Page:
This section is from the "Studio Light And The Aristo Eagle - A Magazine Of Information For The Profession 1909" book, by Aristo Motto. Also see Amazon: Studio Light And The Aristo Eagle - A Magazine Of Information For The Profession 1909.
The professional is appreciating more and more the financial benefits to be derived from well made enlagements. and with the wide range in effects afforded by the Eastman Bromide and developing out papers he is able to duplicate, and in many instances improve upon, the quality of contact prints, and at a low cost.
The making of an enlargement is a simple matter, as an improvised apparatus is easily constructed with an ordinary view camera, but when any quantity of work has to be turned out, a permanent and well constructed apparatus is advisable.
We illustrate herewith one of the enlarging outfits in use in our studio, which is simple in construction, and may be used with either daylight or artificial illumination.
The room in which this apparatus is installed measures about twelve by twenty feet, and is used exclusively for enlarging purposes, and contains in addition, developing sink, paper storage cabinet and work table. The same apparatus can be operated in a much smaller space, utilizing the dark room sink for developing and fixing.
Figure 1 shows the side elevation of the complete apparatus, including the suspended paper easel As shown in the illustration, the camera and artificial light box; are installed against a window opening to the north, the artificial light box as arranged can be easily swung to one side when daylight is employed. The camera and light box used is substantially the same as supplied with the Folmer & Schwing Printing and Enlarging Cabinet, though an ordinary view camera, with reversible back, could be substituted. The light box. contains a single tube Cooper-Hewitt lamp, and is so hinged as to swing to one side out of the way when daylight is used. See Figure 2.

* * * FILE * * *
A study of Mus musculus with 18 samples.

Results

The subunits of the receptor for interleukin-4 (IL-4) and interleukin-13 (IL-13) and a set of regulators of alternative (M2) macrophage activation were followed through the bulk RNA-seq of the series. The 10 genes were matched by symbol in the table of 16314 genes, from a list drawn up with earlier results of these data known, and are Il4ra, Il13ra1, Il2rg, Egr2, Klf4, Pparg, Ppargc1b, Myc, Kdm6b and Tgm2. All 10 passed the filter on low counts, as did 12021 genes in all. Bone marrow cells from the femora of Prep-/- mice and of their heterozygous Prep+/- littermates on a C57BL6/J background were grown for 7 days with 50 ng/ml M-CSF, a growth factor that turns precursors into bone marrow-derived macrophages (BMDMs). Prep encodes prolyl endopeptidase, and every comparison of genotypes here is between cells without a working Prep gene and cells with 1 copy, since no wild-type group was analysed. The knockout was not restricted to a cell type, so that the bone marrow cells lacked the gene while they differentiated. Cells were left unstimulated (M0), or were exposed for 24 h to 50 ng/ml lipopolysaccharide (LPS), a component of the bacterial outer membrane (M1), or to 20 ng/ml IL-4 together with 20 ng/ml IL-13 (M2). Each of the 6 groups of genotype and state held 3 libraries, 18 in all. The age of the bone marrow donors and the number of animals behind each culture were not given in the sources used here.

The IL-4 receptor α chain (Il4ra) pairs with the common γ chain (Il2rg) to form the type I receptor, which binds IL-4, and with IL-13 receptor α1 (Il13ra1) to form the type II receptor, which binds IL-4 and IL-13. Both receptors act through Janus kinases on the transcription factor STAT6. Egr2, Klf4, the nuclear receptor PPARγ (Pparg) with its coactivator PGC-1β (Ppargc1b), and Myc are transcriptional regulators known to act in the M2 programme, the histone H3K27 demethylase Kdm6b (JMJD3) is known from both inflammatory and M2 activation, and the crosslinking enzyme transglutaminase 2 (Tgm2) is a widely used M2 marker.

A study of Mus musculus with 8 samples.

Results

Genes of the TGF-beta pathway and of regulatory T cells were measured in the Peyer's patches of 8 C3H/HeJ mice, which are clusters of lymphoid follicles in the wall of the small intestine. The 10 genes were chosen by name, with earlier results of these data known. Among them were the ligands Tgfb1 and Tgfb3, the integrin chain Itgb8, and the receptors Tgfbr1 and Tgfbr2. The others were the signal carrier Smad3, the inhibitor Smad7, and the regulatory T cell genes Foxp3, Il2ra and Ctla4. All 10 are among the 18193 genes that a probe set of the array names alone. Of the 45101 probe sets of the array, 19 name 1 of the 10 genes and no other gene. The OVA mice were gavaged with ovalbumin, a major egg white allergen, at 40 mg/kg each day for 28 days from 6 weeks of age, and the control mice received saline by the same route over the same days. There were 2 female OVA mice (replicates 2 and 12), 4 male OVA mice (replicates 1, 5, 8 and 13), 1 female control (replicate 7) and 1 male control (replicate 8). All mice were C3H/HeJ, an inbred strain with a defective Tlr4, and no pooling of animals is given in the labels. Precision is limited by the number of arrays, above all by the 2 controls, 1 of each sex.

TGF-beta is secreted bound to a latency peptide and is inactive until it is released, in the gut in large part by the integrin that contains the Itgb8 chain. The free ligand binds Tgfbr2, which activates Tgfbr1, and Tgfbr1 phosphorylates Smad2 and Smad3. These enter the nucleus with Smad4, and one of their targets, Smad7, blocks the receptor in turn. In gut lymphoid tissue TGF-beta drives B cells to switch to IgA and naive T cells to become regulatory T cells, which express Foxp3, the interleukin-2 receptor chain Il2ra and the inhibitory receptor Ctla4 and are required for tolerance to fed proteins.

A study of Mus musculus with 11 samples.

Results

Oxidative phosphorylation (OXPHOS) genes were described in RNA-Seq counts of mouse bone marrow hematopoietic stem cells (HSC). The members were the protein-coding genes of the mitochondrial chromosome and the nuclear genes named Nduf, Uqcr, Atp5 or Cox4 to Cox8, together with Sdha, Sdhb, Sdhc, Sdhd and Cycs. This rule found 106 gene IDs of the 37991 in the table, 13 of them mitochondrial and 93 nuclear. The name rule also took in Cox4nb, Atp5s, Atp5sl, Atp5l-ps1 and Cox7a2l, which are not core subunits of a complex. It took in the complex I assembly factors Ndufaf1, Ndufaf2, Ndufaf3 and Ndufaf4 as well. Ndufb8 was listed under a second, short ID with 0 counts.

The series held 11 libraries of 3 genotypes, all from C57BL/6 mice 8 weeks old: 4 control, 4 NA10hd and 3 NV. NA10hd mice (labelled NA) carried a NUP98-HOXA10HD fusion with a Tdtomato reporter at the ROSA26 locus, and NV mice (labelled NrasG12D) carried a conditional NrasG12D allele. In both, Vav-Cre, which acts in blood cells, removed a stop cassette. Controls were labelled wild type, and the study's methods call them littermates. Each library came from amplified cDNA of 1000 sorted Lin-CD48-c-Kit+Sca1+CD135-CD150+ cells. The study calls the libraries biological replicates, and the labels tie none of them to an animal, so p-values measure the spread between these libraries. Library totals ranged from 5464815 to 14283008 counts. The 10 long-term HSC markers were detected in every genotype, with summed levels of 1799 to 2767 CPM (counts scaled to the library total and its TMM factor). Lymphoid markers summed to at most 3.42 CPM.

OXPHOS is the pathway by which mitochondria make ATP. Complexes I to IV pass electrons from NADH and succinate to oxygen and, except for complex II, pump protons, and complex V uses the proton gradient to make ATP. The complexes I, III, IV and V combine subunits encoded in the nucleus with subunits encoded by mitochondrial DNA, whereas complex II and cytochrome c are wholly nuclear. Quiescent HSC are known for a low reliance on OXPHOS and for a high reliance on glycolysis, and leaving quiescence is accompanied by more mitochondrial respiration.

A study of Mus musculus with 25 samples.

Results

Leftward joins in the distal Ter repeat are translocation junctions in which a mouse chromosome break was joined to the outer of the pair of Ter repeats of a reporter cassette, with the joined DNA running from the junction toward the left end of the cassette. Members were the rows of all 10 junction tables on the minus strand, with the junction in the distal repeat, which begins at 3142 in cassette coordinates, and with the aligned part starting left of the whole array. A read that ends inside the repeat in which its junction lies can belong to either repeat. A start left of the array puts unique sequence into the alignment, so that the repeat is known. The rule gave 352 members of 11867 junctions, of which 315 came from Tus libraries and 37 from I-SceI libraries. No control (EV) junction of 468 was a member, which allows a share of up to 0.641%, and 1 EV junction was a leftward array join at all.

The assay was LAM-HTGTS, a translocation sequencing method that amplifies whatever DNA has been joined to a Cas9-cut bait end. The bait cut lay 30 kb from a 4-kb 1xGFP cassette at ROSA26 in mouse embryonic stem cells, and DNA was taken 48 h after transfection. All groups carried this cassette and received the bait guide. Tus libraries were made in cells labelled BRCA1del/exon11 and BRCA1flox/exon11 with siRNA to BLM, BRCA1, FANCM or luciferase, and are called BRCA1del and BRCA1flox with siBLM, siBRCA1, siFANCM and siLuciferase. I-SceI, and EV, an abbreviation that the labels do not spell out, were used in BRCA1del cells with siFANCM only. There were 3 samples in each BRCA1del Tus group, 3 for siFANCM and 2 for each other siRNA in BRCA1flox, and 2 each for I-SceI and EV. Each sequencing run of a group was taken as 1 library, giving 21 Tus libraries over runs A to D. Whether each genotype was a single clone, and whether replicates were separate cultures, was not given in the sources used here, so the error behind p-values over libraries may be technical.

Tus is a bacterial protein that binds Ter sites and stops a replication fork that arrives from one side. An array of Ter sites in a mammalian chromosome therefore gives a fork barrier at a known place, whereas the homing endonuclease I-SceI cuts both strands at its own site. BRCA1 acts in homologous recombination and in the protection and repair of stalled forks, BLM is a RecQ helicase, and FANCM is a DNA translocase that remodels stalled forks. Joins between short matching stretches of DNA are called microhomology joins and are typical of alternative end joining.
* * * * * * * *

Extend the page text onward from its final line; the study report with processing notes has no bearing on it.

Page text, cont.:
Fig. 1. Side Elavation of Enlarging apparatus.
Fig. 2. End Elevation Of Camera And Standard For Same.
Immediately in front of the swinging light box is a square cone to which the camera proper is attached - this cone contains three ground glass diffusing sen-ens in frames, any one of which may be removed when paper board, when necessary to move for focusing.
necessary. The camera and light box are supported on a table bracket, as shown in Figure 1.
Fig. 3. End Elevation of Enlarging Apparatus.
The paper easel is suspended from a track attached to stringers fastened to the ceiling. The truck or carriage carrying the paper easel runs on roller bearings, as shown in Figure 3. The carriage locks on the track, by means of a simple spring, at any point when stopped, and is released by a slight downward pull on a lever just back of the
From An Angelo Sepia Platinum Print By Frank E. Dean Grand Junction, Colo.
When a camera without shifting and tilting movements is used it is a simple matter to adjust the copy board for both vertical and side adjustments as well as forward and back swing.
The above apparatus has afforded perfect satisfaction, as it is not liable to get out of order, takes up but little floor space, and is simple to construct and economical in operation.